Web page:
Collaborative spaces and non-linear workdays are on the cards for Dropbox employees in Dublin and further afield as the pandemic presses on.
Online collaboration and cloud-storage platform Dropbox has said it will become a “virtual-first company” as a result of Covid-19. It is the latest in a series of tech companies to announce its long-term plans for remote and hybrid working, following Fujitsu, Indeed, Siemens and more.
In a blog post, Dropbox said that its mandatory work-from-home policy will extend until the end of June 2021, but remote work will become the “day-to-day default for individual work” at the company.
“This year’s abrupt shift to remote work was jarring for us, along with everyone else,” the company said. “But we’re fortunate that our product helped us transition pretty seamlessly, and that it helped others too – we’ve seen increased adoption and usage this year.
“As virtually all work becomes digital, organising all your team’s content in one place has never felt so important. We believe the data shows the shift to remote work, though abrupt, has been successful overall.”
Dropbox staff will also have access to new communal spaces called Dropbox Studios. These will be set up “once it’s safe to do so” to allow teams to collaborate in person, the company said. Studios will be developed in cities where Dropbox already has offices and a high concentration of employees – Dublin, San Francisco, Seattle and Austin, to start – and there may be on-demand spaces in other locations.
“Every employee aligned to one of our offices will have access to a Studio,” the company said. “To ensure a fair and consistent employee experience, we felt it was important to be prescriptive about how these spaces are used. So Dropbox Studios will be specifically for collaboration and community-building, and employees will not be able to use them for solo work.”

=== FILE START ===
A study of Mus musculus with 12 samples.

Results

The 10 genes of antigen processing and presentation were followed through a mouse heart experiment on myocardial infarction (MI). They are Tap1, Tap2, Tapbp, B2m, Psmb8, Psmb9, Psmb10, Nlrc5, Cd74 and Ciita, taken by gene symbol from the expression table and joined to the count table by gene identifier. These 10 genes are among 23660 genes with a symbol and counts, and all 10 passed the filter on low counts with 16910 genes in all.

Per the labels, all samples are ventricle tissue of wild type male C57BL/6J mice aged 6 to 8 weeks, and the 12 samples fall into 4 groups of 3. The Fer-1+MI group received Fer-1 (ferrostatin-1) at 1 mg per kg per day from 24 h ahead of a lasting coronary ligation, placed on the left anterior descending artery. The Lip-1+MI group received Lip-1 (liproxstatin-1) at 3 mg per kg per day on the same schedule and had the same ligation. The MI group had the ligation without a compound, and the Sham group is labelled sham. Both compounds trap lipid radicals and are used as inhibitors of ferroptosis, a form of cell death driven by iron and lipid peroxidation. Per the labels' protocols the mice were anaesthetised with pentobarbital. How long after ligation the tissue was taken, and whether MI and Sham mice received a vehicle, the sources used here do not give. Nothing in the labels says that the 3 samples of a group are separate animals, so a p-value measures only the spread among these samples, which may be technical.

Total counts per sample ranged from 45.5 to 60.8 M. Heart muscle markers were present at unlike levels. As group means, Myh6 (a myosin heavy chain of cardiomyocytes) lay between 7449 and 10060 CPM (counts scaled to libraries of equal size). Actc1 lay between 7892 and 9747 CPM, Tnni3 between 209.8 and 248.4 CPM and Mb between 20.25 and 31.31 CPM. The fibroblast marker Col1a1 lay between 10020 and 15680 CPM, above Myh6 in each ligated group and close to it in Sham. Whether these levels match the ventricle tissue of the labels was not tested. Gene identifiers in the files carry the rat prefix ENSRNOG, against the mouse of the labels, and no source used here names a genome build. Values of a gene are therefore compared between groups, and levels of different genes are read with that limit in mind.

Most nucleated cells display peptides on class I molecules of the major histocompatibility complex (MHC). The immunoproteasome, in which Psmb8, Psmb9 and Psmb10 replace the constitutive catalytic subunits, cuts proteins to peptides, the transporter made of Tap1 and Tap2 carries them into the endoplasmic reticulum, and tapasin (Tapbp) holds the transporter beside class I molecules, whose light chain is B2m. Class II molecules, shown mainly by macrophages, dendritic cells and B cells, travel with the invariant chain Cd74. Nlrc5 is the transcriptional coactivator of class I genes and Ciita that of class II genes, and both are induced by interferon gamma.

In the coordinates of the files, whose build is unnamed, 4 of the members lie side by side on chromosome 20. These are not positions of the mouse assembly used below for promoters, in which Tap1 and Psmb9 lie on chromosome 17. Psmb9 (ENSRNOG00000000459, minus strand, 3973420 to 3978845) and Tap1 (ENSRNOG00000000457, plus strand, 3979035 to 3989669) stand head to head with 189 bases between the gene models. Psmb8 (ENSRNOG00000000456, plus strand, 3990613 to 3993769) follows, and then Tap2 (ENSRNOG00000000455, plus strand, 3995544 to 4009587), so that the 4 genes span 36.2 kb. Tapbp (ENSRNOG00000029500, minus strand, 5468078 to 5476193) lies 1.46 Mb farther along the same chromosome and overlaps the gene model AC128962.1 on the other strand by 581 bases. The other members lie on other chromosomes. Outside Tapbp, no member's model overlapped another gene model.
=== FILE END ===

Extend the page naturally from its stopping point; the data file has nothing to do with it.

As well as setting up Studios, Dropbox will roll out “non-linear workdays” to all staff. Employees in different locations will be required to work during “core collaboration hours” that overlap between time zones. Beyond that, the company said, employees will decide their own schedules in a bid to “prioritise impact and results instead of hours worked”.
To help workers adjust, it has published a virtual-first toolkit that is publicly available. It includes guides on shifting your mindset, managing your time, staying well, supporting your team and communicating effectively – all in a virtual-first environment.
It’s clear that distributed work is here to stay, and we believe that brings an opportunity to redesign the way we work for the better. Starting today, Dropbox is becoming a Virtual First company. https://t.co/3v9MUBKztM
— Dropbox (@Dropbox) October 13, 2020
Dropbox CEO and co-founder Drew Houston referred to this year’s pivot to remote working as an “unprecedented” experiment.
“Many of the things we’ve been trying to solve for as a company have intensified during this time – always-on hours, constant notifications, fragmented tools,” he said. “We’re laser-focused on designing products to transform how remote work happens and by living the reality of virtual first day-to-day, we think we’ll better understand our customers’ needs and be well positioned to evolve our product accordingly.”